The Saudi-led coalition claimed to be allowing humanitarian aid to be delivered to the port of Hodeidah and Sanaa airport, but aid agencies report that this isn’t true:

The Saudi-led coalition’s blockade of Yemen, which has cut off food imports to a population where 7 million people are on the brink of famine, is “illegal collective punishment” of civilians, a prominent aid official said on Thursday.

Major agencies said aid was still blocked a day after the Saudi-led military coalition said it would let humanitarian supplies in.

Preventing the delivery of humanitarian aid to the people enduring the world’s worst humanitarian crisis is a monstrous crime, but even if the coalition were to allow in some aid it would be woefully inadequate to meet the needs of the population by itself. Oxfam’s Scott Paul commented on this earlier in the week:

Yemen needs commercial imports of food and fuel in sufficient quantities to stave off famine and a crippling fuel shortage that is already affecting everything from pumping clean drinking water to powering medical facilities. Jan Egeland, the head of the Norwegian Refugee Council, explains:

“Even if both the flights and humanitarian shipments will go through now, it is not solving the underlying crisis that a country that needs 90 percent of its goods imported is not getting in commercial food or fuel.”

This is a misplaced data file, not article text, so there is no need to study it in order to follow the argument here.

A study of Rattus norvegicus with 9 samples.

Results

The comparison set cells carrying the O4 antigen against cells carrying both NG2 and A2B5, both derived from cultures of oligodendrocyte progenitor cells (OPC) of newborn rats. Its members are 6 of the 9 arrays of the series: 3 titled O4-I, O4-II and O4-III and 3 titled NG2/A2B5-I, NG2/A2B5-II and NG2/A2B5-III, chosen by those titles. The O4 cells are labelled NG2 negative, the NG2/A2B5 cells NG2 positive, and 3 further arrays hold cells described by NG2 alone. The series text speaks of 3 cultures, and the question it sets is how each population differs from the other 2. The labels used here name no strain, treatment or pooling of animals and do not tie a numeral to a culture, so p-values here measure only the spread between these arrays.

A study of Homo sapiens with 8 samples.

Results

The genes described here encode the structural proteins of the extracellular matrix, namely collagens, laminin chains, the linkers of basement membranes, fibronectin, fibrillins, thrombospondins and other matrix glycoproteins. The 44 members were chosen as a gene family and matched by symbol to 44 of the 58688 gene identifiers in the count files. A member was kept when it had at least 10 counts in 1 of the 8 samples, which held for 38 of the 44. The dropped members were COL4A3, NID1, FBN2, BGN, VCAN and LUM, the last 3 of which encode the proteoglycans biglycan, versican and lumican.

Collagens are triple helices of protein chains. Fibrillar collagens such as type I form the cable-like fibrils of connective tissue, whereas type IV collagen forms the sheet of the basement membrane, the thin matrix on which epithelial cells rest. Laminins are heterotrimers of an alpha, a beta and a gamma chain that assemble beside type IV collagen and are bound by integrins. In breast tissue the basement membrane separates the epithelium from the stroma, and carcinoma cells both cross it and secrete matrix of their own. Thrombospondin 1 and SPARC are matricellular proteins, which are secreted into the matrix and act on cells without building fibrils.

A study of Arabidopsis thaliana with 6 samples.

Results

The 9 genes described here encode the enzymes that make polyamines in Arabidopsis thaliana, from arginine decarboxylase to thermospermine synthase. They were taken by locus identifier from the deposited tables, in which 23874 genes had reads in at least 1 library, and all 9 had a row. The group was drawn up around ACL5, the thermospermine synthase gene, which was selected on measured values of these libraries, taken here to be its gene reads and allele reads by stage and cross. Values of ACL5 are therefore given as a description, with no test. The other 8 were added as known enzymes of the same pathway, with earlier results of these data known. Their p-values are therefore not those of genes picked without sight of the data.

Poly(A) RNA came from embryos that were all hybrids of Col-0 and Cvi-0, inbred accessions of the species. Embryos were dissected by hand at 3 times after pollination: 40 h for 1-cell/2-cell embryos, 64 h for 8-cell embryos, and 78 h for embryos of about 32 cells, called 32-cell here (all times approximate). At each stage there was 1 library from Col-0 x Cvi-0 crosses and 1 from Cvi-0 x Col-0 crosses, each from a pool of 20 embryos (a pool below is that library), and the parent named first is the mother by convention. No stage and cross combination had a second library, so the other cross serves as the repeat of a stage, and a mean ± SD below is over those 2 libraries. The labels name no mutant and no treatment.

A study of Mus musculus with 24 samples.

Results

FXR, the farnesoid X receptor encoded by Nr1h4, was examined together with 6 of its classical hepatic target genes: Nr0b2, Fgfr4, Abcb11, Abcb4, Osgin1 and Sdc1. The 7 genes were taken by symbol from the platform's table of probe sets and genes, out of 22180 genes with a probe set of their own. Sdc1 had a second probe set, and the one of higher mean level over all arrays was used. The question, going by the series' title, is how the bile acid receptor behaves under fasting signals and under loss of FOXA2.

As long as the coalition blockade is in place, famine and disease will still claim countless lives. The coalition is still trying to starve Yemen into surrender with the blockade, and Yemen’s humanitarian catastrophe won’t stop getting worse until the blockade is lifted entirely. The danger to Yemen’s civilian population has not passed, and it will continue to grow until the Saudi-led coalition’s crime against humanity is brought to an end.

about the author

Daniel Larison is a senior editor at TAC, where he also keeps a solo blog. He has been published in the New York Times Book Review, Dallas Morning News, World Politics Review, Politico Magazine, Orthodox Life, Front Porch Republic, The American Scene, and Culture11, and was a columnist for The Week. He holds a PhD in history from the University of Chicago, and resides in Lancaster, PA. Follow him on Twitter.